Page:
Are we attracted to wealth and power in our partners? According to a study recently published in the journal “Personality and Social Psychology Bulletin”, the answer may be yes. The study found that people are more likely to be attracted to partners who have higher levels of socioeconomic status (SES) than they do. In addition, people also tend to prefer partners with similar levels of power as themselves.

However, another study in the same journal found that people are not necessarily attracted to wealth and power when it comes to long-term relationships. In this study, participants were asked to rate their levels of attraction to potential partners who differed in terms of SES and power. The results showed that people were not more attracted to high-SES or high-power partners for long-term relationships.

So, what does this all mean?

The Case For

There seems to be some evidence for the idea that we are attracted to wealth and power in our partners. The very existence of sugar daddy websites is a giant red flag that some people are, at the very least, interested in the idea of dating someone with a lot of money. And, as the “Personality and Social Psychology Bulletin” studies suggest, there may be some truth to the idea that we’re attracted to people who have more SES than we do.

Having said that, it’s important to keep in mind that these studies are far from conclusive. They’re based on a relatively small number of people, and they don’t necessarily reflect the real-world behavior of millions of people. In other words, just because some people are attracted to wealth and power doesn’t mean that everyone is.

The Case Against

There’s also quite a bit of evidence against the idea that we’re attracted to wealth and power in our partners. For starters, there’s the aforementioned study from “Personality and Social Psychology Bulletin” that found no link between attraction and SES or power when it came to long-term relationships. If anything, this suggests that we’re not hardwired to be attracted to people with lots of money or power.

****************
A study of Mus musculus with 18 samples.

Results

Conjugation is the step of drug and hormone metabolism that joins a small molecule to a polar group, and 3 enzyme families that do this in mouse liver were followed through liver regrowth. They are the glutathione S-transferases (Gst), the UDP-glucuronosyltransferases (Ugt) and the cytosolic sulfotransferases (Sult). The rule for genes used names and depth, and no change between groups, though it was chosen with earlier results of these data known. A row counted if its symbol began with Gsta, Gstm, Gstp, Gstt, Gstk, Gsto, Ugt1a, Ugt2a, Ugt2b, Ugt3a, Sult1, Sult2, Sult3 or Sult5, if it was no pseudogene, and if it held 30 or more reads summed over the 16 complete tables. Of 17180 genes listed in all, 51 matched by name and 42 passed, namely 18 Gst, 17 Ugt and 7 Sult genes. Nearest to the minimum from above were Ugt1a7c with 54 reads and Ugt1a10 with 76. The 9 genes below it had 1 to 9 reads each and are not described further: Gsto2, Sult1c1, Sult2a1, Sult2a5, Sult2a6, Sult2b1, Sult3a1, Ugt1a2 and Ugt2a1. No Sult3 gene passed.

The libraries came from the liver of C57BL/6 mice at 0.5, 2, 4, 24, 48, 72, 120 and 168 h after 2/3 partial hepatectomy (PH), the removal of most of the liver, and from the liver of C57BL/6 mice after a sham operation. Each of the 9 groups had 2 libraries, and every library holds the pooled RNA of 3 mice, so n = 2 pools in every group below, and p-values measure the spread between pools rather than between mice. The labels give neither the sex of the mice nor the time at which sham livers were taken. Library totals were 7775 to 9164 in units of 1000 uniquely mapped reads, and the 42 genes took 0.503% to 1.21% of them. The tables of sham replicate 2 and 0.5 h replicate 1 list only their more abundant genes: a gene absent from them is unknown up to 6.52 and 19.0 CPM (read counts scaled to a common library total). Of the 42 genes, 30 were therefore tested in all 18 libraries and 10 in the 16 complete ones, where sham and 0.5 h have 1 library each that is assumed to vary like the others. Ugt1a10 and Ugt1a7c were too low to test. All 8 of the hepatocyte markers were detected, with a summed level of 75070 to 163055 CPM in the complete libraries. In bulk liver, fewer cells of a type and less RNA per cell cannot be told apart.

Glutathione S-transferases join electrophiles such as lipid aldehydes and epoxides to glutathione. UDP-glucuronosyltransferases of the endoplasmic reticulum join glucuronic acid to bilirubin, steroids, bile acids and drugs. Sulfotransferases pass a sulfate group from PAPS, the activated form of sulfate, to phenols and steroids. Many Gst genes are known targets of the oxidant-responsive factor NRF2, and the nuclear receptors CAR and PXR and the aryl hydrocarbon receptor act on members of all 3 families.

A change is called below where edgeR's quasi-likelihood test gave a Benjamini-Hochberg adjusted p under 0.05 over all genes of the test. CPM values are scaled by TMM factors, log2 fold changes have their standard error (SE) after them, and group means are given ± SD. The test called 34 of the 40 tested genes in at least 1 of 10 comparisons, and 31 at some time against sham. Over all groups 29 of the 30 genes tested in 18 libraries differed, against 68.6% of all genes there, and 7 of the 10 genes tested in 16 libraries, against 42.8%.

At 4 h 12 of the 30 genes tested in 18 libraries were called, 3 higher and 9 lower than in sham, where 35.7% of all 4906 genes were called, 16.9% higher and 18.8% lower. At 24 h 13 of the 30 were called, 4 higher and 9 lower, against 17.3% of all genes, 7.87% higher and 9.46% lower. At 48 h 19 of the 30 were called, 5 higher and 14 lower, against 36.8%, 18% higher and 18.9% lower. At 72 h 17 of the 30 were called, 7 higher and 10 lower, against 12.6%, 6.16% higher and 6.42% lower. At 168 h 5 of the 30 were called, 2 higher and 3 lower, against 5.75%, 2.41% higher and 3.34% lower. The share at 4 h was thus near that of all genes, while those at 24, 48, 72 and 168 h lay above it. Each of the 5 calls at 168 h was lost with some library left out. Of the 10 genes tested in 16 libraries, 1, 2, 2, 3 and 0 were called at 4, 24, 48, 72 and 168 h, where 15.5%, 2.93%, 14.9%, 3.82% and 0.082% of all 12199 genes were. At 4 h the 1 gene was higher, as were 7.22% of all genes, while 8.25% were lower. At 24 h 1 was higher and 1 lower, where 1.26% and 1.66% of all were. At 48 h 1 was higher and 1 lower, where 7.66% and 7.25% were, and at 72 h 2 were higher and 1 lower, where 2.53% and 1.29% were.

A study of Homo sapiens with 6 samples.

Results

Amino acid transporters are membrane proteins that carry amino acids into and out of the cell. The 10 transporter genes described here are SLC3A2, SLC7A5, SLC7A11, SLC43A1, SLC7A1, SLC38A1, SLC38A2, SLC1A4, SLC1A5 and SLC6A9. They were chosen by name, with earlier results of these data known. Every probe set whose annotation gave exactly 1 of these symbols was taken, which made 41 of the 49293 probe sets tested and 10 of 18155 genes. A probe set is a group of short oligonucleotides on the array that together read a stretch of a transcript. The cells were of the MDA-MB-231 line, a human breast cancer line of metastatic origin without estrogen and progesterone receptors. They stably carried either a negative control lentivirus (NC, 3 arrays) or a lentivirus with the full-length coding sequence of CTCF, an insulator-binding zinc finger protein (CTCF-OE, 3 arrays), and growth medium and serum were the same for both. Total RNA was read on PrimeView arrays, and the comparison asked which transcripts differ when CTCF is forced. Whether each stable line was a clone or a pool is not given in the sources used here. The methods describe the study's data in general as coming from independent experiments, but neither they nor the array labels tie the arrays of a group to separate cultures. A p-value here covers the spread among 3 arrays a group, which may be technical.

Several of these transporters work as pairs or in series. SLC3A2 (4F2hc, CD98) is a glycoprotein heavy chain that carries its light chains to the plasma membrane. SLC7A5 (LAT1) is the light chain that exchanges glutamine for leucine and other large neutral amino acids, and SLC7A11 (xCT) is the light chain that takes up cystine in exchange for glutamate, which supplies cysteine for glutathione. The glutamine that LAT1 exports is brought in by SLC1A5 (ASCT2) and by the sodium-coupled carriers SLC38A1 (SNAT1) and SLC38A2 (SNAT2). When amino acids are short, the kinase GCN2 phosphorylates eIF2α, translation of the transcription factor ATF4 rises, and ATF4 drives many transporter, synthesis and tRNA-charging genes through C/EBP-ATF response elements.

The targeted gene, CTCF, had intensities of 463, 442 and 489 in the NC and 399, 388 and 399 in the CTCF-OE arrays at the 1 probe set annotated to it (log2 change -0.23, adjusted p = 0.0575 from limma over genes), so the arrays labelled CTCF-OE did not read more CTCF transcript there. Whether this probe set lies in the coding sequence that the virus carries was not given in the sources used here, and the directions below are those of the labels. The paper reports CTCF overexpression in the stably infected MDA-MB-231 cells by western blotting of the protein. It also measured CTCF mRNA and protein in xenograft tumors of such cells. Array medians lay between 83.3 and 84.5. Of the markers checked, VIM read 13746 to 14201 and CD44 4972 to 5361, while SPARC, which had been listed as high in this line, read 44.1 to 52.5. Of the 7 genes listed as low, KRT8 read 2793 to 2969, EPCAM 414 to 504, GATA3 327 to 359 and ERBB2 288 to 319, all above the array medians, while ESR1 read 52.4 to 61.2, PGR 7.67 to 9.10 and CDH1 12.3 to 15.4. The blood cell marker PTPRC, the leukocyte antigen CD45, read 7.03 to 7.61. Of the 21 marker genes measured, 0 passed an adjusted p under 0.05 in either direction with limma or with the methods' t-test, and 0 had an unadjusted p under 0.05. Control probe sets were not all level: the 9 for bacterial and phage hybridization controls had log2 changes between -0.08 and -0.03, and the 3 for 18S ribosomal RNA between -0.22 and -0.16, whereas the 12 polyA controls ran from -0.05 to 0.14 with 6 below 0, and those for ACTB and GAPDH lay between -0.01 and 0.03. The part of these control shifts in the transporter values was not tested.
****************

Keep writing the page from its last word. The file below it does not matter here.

There’s also the fact that, in the real world, wealthy and powerful people often have a hard time finding partners. Just look at all the divorces among celebrities and politicians. If wealth and power were such big draws, it stands to reason that these people would have no trouble finding willing partners. But they do, which suggests that money and power aren’t necessarily the biggest factors when it comes to attraction.

Psychology Today shows that money can buy happiness, but only because it buys you time. As such, purchases are not an inherent source of happiness. Instead, it is what you do with your time that matters. So, if you are busy working to make more money, you may not have time for the things that make you happy. Money may give you the ability to do more things, but it cannot buy happiness itself.

Correlation Is Not Causation

Money and power can certainly be positive factors in your life. But it’s important to remember that correlation does not equal causation. Just because two things are correlated does not mean that one caused the other.

Is it really money and power that people are attracted to, or is it something else? Generally, in order to acquire money and power, people need certain personality traits and skills. For example, they need to be ambitious, intelligent, hardworking, and exceedingly competent. So, it could be that these are the qualities that people are actually attracted to, not the money and power themselves.

It’s also worth noting that, in many cases, money and power are simply a byproduct of other qualities. For example, if you’re attracted to someone because they’re ambitious, it’s not necessarily because they have money or power. It could be because they have the drive and determination to achieve their goals. The same goes for intelligence, hard work, and competence.

So, while money and power can be attractive qualities in a partner, it’s important to remember that they’re not the only things that matter. If you’re only attracted to someone because of their wealth or power, you may be missing out on something special.

The Bottom Line

There’s no simple answer to the question of whether or not we’re attracted to wealth and power in our partners. The truth is that there’s both evidence for and against the idea. Ultimately, it comes down to what you value in a partner. If you’re only interested in superficial things like money and power, you may be missing out on something much more important.